Today in Supreme Court History

Today in Supreme Court History: July 10, 1832

|The Volokh Conspiracy |

7/10/1832: President Jackson vetoes the bill to recharter the Second Bank of the United States. He wrote that the bill was unconstitutional.

President Andrew Jackson


    1. Of course, the government’s reduction in market meddling was the cause, as it always has been and always will be. Nothing to do with business cycles, crop failures, foreign government market meddling. Nothing.

      Leave aside where in the Constitution it allows the federal government to create a national bank. No, just do whatever meddling feels good, regardless of constitutionality, basic economics, and basic common sense. That’s the way to prosperity!

        1. Oh excellent, a Hamilton video. Yes, Hamilton the actual historical figure is such a compelling constitutional scholar, and Hamilton the character in a musical is such a fine encapsulation of all his wisdom, wit, and scholarship, not to mention his incredible common sense, and then there’s how much he knew about international finances 30+ years after his death.

          Yes, excellent rebuttal.

      1. Well, a bank would certainly seem to qualify as interstate commerce. (Not agreeing with the wisdom of it; just that isn’t unconstitutional.)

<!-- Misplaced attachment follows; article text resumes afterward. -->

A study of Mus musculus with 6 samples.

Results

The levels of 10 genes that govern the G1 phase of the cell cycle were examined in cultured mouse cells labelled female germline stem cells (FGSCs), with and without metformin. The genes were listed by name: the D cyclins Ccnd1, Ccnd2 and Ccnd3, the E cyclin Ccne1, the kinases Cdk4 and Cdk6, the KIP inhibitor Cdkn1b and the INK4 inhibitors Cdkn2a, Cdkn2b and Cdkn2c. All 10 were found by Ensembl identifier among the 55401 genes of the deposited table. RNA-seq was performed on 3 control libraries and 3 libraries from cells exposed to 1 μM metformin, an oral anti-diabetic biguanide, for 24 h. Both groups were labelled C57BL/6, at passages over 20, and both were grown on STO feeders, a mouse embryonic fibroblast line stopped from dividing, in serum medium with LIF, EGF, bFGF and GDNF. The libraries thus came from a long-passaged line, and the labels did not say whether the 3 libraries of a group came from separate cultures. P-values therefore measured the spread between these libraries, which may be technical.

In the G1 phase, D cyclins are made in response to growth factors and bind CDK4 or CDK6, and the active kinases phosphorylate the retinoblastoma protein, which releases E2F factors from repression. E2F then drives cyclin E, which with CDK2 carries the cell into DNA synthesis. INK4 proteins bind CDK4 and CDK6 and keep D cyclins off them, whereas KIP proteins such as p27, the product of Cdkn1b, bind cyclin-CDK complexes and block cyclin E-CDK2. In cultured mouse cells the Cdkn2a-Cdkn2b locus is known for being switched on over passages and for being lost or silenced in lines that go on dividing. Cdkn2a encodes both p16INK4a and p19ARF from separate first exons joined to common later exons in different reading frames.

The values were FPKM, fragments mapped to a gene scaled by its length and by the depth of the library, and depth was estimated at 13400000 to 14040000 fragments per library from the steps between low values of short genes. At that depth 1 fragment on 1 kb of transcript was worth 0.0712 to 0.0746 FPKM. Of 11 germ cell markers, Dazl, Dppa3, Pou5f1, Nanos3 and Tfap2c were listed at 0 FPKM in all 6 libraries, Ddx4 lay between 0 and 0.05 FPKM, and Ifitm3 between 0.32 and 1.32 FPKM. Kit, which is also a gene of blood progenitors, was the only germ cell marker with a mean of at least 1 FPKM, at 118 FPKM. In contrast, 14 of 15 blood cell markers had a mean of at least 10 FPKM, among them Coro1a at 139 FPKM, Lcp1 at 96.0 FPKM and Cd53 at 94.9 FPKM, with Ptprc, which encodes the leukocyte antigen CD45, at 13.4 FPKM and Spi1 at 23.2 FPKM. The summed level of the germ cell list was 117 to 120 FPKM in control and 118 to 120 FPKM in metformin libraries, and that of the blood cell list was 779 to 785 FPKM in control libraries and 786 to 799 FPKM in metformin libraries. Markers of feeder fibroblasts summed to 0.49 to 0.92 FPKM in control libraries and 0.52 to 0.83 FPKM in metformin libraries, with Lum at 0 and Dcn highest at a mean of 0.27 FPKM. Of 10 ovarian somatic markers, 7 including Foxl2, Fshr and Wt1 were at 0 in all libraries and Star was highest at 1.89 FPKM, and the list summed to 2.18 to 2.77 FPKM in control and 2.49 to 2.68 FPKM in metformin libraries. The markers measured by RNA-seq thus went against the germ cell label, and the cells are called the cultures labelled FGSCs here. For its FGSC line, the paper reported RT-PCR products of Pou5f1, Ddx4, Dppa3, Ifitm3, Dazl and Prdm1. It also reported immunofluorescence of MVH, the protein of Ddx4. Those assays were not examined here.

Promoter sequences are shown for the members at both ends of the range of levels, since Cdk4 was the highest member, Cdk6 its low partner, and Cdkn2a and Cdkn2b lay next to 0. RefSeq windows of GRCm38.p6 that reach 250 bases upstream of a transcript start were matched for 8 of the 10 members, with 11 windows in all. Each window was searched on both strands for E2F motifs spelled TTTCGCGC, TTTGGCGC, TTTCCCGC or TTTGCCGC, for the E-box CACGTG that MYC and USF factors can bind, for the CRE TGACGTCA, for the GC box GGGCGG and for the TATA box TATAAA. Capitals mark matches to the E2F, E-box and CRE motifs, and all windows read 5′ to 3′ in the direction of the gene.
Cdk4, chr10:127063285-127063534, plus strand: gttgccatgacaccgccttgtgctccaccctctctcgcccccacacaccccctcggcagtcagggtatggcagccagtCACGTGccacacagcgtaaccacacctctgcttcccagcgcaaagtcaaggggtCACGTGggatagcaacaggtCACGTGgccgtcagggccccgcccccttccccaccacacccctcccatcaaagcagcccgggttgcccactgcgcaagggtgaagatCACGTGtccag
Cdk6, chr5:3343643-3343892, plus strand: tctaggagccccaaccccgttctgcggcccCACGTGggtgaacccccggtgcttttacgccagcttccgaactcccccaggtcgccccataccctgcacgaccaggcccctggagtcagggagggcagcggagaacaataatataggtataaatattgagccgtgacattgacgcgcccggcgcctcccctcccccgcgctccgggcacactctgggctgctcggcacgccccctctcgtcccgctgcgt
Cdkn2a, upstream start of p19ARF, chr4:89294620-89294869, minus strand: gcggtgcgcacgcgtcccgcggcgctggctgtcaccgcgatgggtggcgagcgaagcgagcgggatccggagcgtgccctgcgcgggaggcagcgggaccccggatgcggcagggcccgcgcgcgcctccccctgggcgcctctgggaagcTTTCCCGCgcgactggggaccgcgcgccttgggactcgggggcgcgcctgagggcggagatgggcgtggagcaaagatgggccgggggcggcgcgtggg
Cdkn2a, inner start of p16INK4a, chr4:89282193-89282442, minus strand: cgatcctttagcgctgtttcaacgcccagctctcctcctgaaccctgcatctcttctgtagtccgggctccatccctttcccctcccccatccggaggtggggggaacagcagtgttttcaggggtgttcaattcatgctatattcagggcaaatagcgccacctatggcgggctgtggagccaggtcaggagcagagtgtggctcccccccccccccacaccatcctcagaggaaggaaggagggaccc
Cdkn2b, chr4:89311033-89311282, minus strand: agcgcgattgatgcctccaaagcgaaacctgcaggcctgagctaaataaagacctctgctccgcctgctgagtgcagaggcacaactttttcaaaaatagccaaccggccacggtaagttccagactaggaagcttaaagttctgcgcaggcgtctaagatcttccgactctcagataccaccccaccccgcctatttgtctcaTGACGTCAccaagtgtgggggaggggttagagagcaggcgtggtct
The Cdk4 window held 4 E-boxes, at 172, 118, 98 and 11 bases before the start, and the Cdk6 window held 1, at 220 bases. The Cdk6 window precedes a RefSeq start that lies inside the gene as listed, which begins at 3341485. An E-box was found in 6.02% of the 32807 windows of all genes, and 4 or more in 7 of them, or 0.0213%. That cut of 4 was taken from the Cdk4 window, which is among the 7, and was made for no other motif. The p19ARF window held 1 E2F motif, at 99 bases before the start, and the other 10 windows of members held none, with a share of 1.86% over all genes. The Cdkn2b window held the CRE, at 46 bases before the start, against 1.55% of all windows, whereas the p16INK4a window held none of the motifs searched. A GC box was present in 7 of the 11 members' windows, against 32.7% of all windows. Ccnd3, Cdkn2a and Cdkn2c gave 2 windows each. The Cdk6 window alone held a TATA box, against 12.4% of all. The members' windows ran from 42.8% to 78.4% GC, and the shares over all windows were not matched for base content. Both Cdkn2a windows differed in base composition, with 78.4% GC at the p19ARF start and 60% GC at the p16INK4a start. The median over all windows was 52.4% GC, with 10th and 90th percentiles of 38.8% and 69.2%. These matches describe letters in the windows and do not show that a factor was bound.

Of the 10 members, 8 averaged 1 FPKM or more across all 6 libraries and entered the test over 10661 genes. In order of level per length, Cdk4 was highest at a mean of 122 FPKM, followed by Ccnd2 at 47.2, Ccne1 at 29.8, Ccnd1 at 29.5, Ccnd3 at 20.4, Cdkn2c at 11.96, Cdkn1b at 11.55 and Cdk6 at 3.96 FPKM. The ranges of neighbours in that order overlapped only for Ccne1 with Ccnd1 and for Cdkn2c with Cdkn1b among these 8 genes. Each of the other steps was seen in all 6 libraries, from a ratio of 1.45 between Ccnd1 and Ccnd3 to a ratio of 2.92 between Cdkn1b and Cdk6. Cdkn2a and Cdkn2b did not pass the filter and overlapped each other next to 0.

1. It obviously is. We’ve had the Federal Reserve since 1913 and it serves most of the functions Hamilton intended for his National Bank.

  2. Great man.

    1. Being on the $20 bill gave him a huge electoral advantage. In those days, $20 could buy a house. Or a couple of good slaves.

  3. Those who wonder about the merit’s of Jackson’s veto should read the actual veto message (available several places on the web). I, for one, found it compelling. But Jackson was heavily criticized at the time by the press. To annoy them, he held a press conference announcing the veto in his favorite watering hole, The Buckland Tavern, about a day’s ride west of DC on the way towards TN. I bought the Tavern three years ago, and now every July 10 I drink a toast to the veto — with Old Hickory bourbon (alas, now made in NJ). Cheers!